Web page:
JCV Virus May Be Missed in Patients Who Take Popular MS Drug, According To Study

JCV Virus May Be Missed in Patients Who Take Popular MS Drug, According To Study

The study, entitled, “JC Virus in CD34+ and CD19+ Cells in Patients With Multiple Sclerosis Treated With Natalizumab,” appeared in a recent issue of JAMA Neurology. According to study author Eugene Major, a senior investigator at the US National Institute of Neurological Disorders and Stroke (NINDS) in Bethesda, Maryland, around one in seventy-five MS patients who have been treated with Tysabri for two years or more and who have also been prescribed additional immune-suppressing drugs go on to show positive results for the PML virus.

What makes PML particularly dangerous in that the typically benign John Cunningham virus (JCV) associated with the infection attacks the fat wrappings or myelin in the brain, effectively removing the insulation function around the axons of nerve cells.  Once this insulation is destroyed, neurons have difficulty sending action potentials and lose their ability to communicate to other cells.  As the disease progresses, MS patients experience weakness, paralysis, impaired vision, slurred speech, and cognitive problems.  NINDS reports that 30 to 50 percent of PML patients die after only a few months after being diagnosed, and those that survive may have permanent disability.

Interestingly, the majority of people have JVC, however, the more serious PML is rare.  The infection presents in individuals who have suppressed or compromised immune systems, such as those who have HIV/AIDS or patients taking an immunosuppressant drug such as Tysabri.

Researchers report that three factors identified in the recent study appear to put Multiple Sclerosis individuals at the highest risk for PML: taking Tysabri therapy for two years or more, taking other immunosuppressant medications, and a positive test revealing JCV antibodies in the blood.


To determine why Tysabri carries a PML risk in MS patients, in the recent study, researchers analyzed two Multiple Sclerosis patient groups’ blood samples.  One group had just started Tysabri therapy, and the second group had been taking Tysabri for over two years.  These samples were compared to healthy volunteers.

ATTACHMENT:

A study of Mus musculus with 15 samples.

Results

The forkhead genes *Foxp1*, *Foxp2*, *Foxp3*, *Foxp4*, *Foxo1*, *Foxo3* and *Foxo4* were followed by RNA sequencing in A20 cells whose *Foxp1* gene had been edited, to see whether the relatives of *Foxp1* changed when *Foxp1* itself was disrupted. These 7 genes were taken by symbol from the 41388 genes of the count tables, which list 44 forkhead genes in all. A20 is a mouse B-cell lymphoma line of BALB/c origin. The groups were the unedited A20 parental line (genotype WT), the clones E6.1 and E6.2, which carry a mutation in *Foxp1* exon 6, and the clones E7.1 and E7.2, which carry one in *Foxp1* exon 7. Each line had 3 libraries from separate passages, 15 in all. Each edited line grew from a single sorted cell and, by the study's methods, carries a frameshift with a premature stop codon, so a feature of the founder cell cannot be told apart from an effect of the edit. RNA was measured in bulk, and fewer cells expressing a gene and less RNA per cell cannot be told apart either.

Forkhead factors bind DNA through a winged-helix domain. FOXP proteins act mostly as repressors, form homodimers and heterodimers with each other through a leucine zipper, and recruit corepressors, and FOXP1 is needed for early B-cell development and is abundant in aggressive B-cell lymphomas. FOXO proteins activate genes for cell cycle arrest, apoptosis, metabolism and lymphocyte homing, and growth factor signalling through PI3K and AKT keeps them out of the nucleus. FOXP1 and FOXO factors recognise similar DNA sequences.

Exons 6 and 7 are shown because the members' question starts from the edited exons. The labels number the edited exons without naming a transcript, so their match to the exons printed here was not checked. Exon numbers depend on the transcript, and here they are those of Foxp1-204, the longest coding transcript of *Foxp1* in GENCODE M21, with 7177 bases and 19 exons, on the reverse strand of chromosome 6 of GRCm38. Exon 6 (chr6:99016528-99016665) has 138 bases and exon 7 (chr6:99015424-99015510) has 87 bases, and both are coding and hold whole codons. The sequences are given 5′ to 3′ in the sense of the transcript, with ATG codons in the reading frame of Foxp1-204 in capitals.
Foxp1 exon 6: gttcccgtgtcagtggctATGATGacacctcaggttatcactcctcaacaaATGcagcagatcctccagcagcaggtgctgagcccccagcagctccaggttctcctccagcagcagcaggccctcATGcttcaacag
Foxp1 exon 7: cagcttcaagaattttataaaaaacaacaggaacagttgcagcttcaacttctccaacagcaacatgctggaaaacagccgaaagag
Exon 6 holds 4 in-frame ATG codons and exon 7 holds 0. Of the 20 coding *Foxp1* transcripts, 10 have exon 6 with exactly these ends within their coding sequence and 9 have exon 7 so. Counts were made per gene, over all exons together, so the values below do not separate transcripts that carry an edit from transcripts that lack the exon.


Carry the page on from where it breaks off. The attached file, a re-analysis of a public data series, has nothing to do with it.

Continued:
What researchers looked for was evidence of stem cells that turn into B-cell lymphocytes.  Major notes in the study that, “. . .  in these MS patients treated with [Tysabri], the number of these blood stem cells is three- to 10-fold higher than you’d see normally under normal physiologic conditions.  The JC virus is able to infect these blood stem cells as they become a B lymphocyte.”  He believes that these infected B cells then carry infection into the brain.  To test his hypothesis,  Major and colleagues set out to see if they could find traces of the JCV in circulating blood stem cells.

Out of the 26 patients who had just begun taking Tysabri, 50 percent were found to have traces of JCV in samples of their blood stem cells.  Out of the 23 patients who had been taking Tysabri for two years or more, 44 percent presented with JCV DNA found in multiple blood stem cell types. Furthermore, Out of the 18 healthy volunteers used as control subjects in the study, only 17 percent of them showed signs of JCV in their blood cells. 

Major notes, “It was somewhat surprising to us that quite a high percentage of individuals had detectable viral DNA in these blood stem cells.”  However, it is not clear as to how this could affect their risk of developing PML.  Most of the patients who tested positive for JCV had only a few copies of the virus which suggests that they were still at low risk of infection.  Major suggests, “We need to look at additional patients, and follow them for a long period of time.”

What concerned researchers most was that 10 participants had evidence of JCV in their blood but tested negative for antibodies.  This suggests that current tests may be missing some patients who could be at high risk for PML.